Today in #TheLagosReview

Boxing Day is about to be ‘lit’ as Tiwa Savage, Davido, Falz prepare to join Kizz Daniel at his ‘No Bad Songz’ Concert

The city of Lagos is set to witness what will likely be the biggest event in 2019; Kizz Daniel’s ‘No Bad Songz’ Concert, seeing the line up of artistes billed to perform.

The list which includes queen of pop, Tiwa Savage, multiple award winning Davido, soulful singer, Adekunle Gold, Reekado Banks, Falz, Mayorkun and Skibi has been described by fans as the most exciting so far.

Speaking on the reason for the choice of acts, the event organizers, Toro Entertainment Company (TEC) and Achievas Entertainment, stated that the acts were selected based on relevance and popularity amongst music lovers,

‘At the core of this concert is our audience. They are the reason we organised it in the first place, as such we had to consider their expectations while choosing the line up. All the acts billed to perform alongside Kizz Daniel are top notch acts and we are certain they will bring mind-blowing energy to the stage come Boxing Day, December 26‘ they said.

Other artistes on the list include Sugar boy, Lyta, Dremo, Lk Kuddy, Zinoleessky, T Classic, GreyC and Junior Boy.


Bolanle Austen-Peters’ Fela’s Republic and the Kalakuta Queens, which returned to Lagos this month will continue to spotlight prevalent social issues in the country. The play will run till January 5, 2020 at the Terra Kulture, Victoria Island, Lagos.

The critically-acclaimed stage play infuses the celebration of the unapologetic and prophetic messages enshrined in his music into the original storyline, capturing interests through the legend’s impact on music and socio-political consciousness. It has already been staged in Abuja, Cairo and Pretoria to wide acclaim.

The play is based on real-life experiences of Fela and the Kalakuta Queens, having been adapted from the various encounters narrated by Fela’s surviving wives, Laide and Lara.

“We hope the play will create awareness, spark conversations around the issues that we are facing in our society today and get Nigerians to act positively in fighting off corruption and injustice in the country,” Bolanle Austen- Peters said.


Exhibitor Application | NEXT OF KIN 2020 Now Open

Promoting young artistes and fostering the engagement and appreciation of contemporary Nigerian art.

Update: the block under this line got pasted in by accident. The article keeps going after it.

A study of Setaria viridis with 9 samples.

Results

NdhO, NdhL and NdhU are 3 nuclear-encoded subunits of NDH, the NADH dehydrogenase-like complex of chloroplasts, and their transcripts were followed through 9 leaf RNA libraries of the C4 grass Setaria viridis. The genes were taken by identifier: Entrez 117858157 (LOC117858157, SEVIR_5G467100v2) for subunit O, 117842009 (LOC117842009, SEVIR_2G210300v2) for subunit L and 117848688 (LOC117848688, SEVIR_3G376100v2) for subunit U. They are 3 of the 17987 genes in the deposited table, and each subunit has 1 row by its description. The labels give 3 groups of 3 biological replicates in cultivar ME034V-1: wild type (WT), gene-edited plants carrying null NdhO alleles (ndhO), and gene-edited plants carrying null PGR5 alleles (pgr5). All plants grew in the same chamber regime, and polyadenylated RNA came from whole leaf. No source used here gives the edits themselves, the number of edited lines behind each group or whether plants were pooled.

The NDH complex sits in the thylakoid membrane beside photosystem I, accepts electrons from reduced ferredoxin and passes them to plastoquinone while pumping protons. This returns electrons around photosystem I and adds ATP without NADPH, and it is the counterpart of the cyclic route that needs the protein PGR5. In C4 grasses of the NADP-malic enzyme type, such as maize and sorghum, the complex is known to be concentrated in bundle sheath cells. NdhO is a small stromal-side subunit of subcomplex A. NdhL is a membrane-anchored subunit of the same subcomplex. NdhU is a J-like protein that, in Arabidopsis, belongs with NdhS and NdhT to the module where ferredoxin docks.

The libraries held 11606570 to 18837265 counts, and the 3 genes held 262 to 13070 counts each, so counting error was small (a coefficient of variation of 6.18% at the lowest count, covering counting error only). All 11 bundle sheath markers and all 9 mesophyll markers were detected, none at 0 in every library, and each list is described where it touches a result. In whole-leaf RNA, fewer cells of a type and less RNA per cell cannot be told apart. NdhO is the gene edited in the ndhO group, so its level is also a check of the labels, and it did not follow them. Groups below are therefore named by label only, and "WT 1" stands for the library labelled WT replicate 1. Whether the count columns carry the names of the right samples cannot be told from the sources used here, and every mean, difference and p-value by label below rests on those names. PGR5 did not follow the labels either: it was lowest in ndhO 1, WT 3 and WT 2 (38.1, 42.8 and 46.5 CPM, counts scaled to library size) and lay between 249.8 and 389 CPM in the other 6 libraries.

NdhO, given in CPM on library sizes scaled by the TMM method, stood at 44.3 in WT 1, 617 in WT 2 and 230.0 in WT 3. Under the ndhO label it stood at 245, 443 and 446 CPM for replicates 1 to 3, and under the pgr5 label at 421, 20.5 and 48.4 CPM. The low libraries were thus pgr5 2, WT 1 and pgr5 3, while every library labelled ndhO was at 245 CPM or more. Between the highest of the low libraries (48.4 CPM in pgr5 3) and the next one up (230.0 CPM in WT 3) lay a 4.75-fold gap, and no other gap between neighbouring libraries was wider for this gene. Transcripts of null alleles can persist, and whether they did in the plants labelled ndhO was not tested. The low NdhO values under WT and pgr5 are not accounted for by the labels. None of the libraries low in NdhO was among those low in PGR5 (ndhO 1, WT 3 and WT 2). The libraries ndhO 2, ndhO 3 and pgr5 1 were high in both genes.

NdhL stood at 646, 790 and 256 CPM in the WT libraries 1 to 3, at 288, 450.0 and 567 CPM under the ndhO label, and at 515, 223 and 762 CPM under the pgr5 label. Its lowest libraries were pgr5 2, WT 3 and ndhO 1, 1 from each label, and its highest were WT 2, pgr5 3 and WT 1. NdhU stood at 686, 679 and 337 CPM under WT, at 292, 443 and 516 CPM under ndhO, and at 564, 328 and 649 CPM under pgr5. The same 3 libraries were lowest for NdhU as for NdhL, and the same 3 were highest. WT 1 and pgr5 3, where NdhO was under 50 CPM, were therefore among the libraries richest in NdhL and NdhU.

“NEXT OF KIN” Series is an Initiative of Thought Pyramid Art Centre and an Annual Art Exhibition designed to encourage and create awareness for young up-coming artists whose professional careers are not more than eight years.

It is proposed to take place in March21, 2020 at the gallery exhibiting space, Ikoyi, Lagos.

The exhibition is aimed at promoting your career as a young artist, while at the same time fostering the engagement and appreciation of contemporary Nigerian art.

Application Deadline: December 31st 2019
Exhibition Date: March 21, 2020
Event Venue: 96, Norman Williams Street, Ikoyi, Lagos.

Submit your entry at:


The Call of Duty series, which is published by Activision Blizzard, the second largest American game company, combines military-grade firearms with the Rambo-grade fiction that a white man with a gun can obliterate an army of foreigners. Although the games borrow the aesthetics of real-world conflict (their settings have included America’s war in Vietnam and the Second World War), they tend to simplify context and forgo commentary. The results are huge sales and inevitable controversy. This year’s kerfuffle centered on how Call of Duty: Modern Warfare, the series’ latest installment, allows players to use an incendiary version of white phosphorus, a chemical weapon prohibited under international law. (Such weapons can melt human bone and were allegedly used against Syrian children earlier this year.) Critics complained that including the weapon was irresponsible. John Phipps, a former U.S. marine, wrote that the game was a “nearsighted glorification” of an illegal weapon, and that it didn’t depict the effect that white phosphorus “has on the human body in any kind of realistic way.” Others waved away the concerns. In the Military Times, a writer argued that it was a “curious place to finally draw the line in the sand,” given that the premise of Call of Duty revolves largely around killing people.

In November, Bobby Kotick, the C.E.O. of Blizzard (and, curiously, a bit-part actor in “Moneyball”) told a journalist from CNBC that he didn’t think his company’s games should be political. It was a reasonable response, perhaps, from an executive who believes that his job is to sell toys to teen-agers. For anyone who believes that the medium has the potential to be something more ambitious, though, it was a dispiriting refrain. It also exposed the often opportunistic beliefs of video-game supporters. In the face of criticism, one can say that games are mere entertainment, incapable of causing harm; in the face of praise, the same games can be presented as ways to change hearts and minds for the better. These contradictions inhere in every medium, of course. But, for those who think games have the capacity to take us to novel, joyous, or illuminating places, here are eleven that, this year, seemed to light a way forward.